Welcome back for part 2! In case you missed it, you can check out our first part of this series on the upstream supply chain here!
Your product has been sourced, manufactured, QC’d, and shipped. Unless you ordered the MOQ of pop sockets, you probably won’t be able to keep your inventory in your garage. (Maybe you could if you’re Bruce Wayne or Tony Stark. Even then, you wouldn’t have time to pack and ship orders!) Let’s take a look at the functions of the downstream supply chain players that are going to help you get your product to your final purchasers.
Downstream Supply Chain
A little bit of business before we dive into the downstream supply chain. We’re shifting from referring to the brand owner as the Buyer to the Seller. During upstream supply chain when the product is being manufactured and materials are being purchased, the brand owner is the Buyer. Now that the product is ready to go to the end consumer, the brand owner assumes the role of the Seller. Keep that in mind as we work our way downstream.
Downstream supply chain refers to any and all businesses involved in the logistics, distribution, and ultimately the sale of finished goods created in the upstream supply chain. The three major players are warehousing, distribution centers, and of course, end consumers.
Warehousing and Distribution
Warehousing and distribution are illustrated and talked about as two separate operations. However, there are times where the warehouse may handle distribution internally. For this reason, we’ll be reviewing them in the same section. Sellers will organize logistics through their freight forwarder for their product to be sent to their desired warehouse. Warehouses receive the goods from the upstream supply chain and when applicable, often assist with FBA prep. In certain cases, they will handle the distribution of goods to another warehouse such as FBA (Fulfilled by Amazon), or ship your items directly to the end consumer. Some freight forwarding companies have their own warehouses. More often than not, these FF warehouses are third-party logistics (3PL) centers.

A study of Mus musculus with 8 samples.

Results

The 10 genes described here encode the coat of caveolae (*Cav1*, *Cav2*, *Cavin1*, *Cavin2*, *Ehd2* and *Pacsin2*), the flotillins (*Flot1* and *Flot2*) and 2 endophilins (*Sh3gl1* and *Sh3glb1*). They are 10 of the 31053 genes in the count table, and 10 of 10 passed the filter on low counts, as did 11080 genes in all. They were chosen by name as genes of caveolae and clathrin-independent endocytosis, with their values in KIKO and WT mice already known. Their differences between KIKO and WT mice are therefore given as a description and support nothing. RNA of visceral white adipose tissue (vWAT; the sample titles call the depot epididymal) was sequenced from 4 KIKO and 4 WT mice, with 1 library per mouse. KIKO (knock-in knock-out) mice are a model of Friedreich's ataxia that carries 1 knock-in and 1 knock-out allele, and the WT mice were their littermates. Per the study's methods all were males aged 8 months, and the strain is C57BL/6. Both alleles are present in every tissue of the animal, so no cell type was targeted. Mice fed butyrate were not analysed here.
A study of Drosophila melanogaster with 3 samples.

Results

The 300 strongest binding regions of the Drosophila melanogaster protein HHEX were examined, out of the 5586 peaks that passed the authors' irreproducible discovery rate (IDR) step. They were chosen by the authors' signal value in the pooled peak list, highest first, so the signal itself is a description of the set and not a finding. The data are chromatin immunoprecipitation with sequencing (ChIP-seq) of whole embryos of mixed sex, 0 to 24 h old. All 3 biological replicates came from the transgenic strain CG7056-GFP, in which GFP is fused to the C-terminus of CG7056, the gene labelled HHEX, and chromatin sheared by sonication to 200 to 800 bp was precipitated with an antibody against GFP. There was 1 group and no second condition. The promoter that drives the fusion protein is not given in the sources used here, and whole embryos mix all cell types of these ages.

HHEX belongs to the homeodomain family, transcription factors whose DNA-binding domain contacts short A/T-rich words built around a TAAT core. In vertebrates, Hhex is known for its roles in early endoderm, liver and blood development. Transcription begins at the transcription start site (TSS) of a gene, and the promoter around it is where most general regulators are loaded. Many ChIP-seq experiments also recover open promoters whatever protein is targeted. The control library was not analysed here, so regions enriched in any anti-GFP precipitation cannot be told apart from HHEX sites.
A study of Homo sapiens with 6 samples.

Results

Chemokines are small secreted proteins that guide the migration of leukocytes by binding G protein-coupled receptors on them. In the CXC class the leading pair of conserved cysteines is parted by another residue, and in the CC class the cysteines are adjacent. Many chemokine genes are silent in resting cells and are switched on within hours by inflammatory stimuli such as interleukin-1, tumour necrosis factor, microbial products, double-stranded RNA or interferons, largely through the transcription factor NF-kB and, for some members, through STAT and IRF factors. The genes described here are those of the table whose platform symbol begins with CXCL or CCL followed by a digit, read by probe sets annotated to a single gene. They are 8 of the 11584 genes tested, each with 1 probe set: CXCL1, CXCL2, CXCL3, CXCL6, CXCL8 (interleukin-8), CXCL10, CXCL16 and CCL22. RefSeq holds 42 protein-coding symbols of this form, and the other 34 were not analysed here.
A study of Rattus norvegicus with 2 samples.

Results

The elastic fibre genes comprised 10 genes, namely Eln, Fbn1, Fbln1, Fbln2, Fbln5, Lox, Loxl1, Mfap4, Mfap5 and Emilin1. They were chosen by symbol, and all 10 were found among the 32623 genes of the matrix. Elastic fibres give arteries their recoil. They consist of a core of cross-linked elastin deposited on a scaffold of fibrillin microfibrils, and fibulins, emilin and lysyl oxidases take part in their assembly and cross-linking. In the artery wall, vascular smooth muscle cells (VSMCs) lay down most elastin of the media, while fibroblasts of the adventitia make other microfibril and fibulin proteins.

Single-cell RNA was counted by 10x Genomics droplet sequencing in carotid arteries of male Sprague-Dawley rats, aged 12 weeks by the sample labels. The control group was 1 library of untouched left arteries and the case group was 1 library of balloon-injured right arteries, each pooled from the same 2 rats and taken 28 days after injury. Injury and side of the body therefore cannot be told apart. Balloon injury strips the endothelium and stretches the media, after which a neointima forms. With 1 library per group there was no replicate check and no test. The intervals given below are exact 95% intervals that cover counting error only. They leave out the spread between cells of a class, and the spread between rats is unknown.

Should your distribution center be a separate entity from your warehouse, your distribution center will receive your product ready to be shipped to the end consumer. Your distribution center is responsible for fulfilling your orders.
Your distributor/3PL will often have partnerships with a variety of shipping carriers (FedEx, UPS, USPS) to get discounted rates for shipping labels. They can in turn pass those discounted rates onto their customers which can help your business in a variety of ways. Aside from cost savings, this offers sellers the opportunity to sell on more platforms and offer faster shipping for a better rate than if you were shipping the items from your home. All these benefits are offered while having someone else handle the entire process for you.
Last, but certainly not least, the end consumers! (Arguably the stars of the show). The end consumer, or final purchaser, will be different for each Seller. Well, Sellers in different industries that is. Naturally, your clientele is determined by your product. Where you choose to market and sell your product is up to you! While many choose to sell on Amazon, others may opt for Shopify, eBay, or other e-commerce sites. You’ll want to do some research upfront to decide which platform is going to give you the best opportunity for growth.
Noviland offers tailored 3PL services to help you scale your e-commerce business. With bi-coastal warehouses offering over 500,000 square feet of space collectively, Noviland is ready to store and ship your items! Our services include:
- E-Commerce Order Fulfillment
- FBA Prep and Forwarding
- Cross Docking
- Order Deconsolidation
For more information on our services and our warehouse locations, send us an inquiry!
Lisa Kinskey is the Marketing Assistant of Noviland, Inc., a rapidly growing sourcing & purchasing solution making sourcing from overseas factories simpler. Lisa has a background in sales, marketing, and event planning, and currently resides in Duluth, Georgia.